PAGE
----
Décor remorse can take many forms.
Maybe during a moment of weakness, a friend convinced you that you were a Leopard Print Person, and you now own a large leopard print sofa that just…doesn’t work. Or perhaps you bought a killer upholstered headboard that was perfect for your bedroom. But then you moved. And now, it simply doesn’t fit in your new digs. And, of course, there’s always the classic “complete change of taste” situation.
Whatever the reason, we have the solution! Here are four ways to deal with home décor regret:
A common reason people regret buying a certain home décor item – particularly furniture – is because it isn’t meeting expectations. You wanted a comfy living room sofa, but you ended up with a stiff monstrosity. You needed an all-purpose end table, but the one you purchased is too small to fit your lamp, books and tea mug all at once.
Instead of living in frustration, give the not-right piece of furniture a new job. Stick that uncomfortable sofa in a room where it won’t get as much use (like the basement). Use that tiny end table to organize your mail and keys. That difficult piece of furniture could be exactly what you need in a different spot.
If the design, color or general “look” of something just isn’t working for you anymore, change it! Adding a splash of paint is always an easy, quick fix. But don’t be afraid to get more involved with adjustments. An L-shaped sofa that doesn’t fit inside a room can be cut into smaller pieces and reupholstered into smaller love seats and chairs. A table that doesn’t fit your chairs can be shortened with a little sawing action.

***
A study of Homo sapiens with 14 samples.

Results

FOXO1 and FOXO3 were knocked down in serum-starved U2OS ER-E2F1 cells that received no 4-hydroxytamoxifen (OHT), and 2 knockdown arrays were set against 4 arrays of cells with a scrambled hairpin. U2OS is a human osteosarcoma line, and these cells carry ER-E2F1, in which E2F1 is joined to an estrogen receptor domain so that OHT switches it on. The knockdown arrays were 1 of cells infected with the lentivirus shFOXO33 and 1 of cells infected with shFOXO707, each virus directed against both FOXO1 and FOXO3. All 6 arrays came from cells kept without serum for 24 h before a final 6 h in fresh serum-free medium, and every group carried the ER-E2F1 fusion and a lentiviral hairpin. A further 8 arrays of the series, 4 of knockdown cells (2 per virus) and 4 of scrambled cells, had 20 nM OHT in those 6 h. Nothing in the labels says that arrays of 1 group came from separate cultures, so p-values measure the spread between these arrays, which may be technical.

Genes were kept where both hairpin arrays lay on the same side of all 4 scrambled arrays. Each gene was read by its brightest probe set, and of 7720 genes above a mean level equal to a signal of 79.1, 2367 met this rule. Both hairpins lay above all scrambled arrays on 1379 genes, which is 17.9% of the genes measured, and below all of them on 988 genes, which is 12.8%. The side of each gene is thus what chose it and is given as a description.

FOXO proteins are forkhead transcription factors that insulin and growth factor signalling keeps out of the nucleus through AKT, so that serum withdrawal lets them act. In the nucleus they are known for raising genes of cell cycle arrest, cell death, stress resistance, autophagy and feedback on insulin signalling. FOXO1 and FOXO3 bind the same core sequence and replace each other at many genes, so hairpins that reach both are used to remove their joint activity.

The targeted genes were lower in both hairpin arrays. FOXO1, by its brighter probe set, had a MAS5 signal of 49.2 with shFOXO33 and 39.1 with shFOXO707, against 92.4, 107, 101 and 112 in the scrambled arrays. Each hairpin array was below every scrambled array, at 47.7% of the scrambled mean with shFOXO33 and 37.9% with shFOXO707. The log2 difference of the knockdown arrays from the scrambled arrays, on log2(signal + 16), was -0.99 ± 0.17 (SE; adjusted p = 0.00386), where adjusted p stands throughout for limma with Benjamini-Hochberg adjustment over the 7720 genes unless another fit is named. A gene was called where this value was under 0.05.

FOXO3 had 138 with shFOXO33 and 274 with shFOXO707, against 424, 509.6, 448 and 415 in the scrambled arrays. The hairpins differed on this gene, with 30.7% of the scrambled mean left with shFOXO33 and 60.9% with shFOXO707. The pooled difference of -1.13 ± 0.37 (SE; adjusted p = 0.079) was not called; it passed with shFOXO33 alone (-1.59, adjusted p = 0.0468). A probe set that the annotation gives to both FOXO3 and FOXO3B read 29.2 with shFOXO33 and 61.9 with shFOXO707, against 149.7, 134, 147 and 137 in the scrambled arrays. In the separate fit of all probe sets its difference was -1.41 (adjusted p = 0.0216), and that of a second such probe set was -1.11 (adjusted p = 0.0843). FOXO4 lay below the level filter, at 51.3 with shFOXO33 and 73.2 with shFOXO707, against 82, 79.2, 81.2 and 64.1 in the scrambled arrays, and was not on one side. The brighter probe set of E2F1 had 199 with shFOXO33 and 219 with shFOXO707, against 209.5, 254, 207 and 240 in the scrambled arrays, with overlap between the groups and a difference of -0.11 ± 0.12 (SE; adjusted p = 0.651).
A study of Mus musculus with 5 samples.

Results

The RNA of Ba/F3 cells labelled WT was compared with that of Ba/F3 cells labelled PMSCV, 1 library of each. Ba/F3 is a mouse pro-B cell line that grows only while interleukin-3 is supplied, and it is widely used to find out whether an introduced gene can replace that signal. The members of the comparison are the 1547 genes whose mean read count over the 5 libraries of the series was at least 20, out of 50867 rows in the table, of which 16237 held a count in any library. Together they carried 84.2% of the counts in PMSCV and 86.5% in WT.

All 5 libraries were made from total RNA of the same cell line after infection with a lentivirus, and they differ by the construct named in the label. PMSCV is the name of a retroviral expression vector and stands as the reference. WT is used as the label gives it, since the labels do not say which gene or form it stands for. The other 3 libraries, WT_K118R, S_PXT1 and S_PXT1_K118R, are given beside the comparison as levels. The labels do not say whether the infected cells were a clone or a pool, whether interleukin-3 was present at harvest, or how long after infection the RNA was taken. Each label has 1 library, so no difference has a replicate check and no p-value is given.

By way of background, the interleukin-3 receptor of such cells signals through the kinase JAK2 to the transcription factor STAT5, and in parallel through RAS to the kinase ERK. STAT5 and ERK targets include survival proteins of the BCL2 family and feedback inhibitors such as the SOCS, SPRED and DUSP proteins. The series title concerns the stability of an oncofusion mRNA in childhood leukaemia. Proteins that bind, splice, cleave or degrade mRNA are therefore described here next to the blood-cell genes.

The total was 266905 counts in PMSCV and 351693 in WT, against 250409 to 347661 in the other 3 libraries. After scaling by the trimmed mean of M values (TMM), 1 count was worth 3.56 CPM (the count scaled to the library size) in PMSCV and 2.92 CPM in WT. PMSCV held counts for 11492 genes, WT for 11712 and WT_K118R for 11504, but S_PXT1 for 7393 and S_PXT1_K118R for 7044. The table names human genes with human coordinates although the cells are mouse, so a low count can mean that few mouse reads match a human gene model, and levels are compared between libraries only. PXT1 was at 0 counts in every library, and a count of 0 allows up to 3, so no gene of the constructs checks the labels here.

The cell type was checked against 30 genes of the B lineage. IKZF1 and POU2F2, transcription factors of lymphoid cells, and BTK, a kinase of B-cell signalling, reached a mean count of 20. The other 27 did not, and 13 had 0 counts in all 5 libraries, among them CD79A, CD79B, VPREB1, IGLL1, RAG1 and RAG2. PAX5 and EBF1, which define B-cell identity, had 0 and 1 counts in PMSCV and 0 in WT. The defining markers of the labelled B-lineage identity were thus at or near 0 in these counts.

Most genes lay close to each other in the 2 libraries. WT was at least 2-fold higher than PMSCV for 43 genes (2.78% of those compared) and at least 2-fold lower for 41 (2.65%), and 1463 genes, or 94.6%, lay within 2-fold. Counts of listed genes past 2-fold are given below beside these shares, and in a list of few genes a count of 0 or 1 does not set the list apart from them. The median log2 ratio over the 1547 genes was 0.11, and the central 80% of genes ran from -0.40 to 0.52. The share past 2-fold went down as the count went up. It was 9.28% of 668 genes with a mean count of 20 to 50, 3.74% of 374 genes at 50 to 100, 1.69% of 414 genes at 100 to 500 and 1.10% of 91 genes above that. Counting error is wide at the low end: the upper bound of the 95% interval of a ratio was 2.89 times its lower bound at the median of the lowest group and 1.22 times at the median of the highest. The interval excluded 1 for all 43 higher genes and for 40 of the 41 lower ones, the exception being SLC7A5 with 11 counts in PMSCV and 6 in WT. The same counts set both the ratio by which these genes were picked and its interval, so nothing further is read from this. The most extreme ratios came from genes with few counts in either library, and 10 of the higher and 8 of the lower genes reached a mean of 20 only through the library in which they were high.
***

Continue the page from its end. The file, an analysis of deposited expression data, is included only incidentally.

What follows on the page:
Sometimes, a piece just won’t work. If you simply can’t handle an item living in your house anymore, calling it quits and throwing up a Craiglist ad is always an option. Plus, turning the bane of your home-décor existence into a stack of cash will feel pretty fantastic. Just remember, it’s unlikely that you’ll earn all of your money back (sometimes you may only get back a fraction of the original price). So, if your source of regret was pretty expensive, it’s worth trying to make peace before you give it the boot. Tip: If karma makes you feel better than a wad of Benjamins, consider donating instead of selling.
You can’t go back in time and stop your purchase decision, but you can take careful note of why it happened. Do you have a soft spot for fly-by-night trends (like neon)? Kitschy knickknacks? Cute pictures of animals? Whatever your weakness, remember: liking the idea of it and actually living with it are two different things. The next time you feel tempted, use your past décor remorse as an incentive to make a better decision!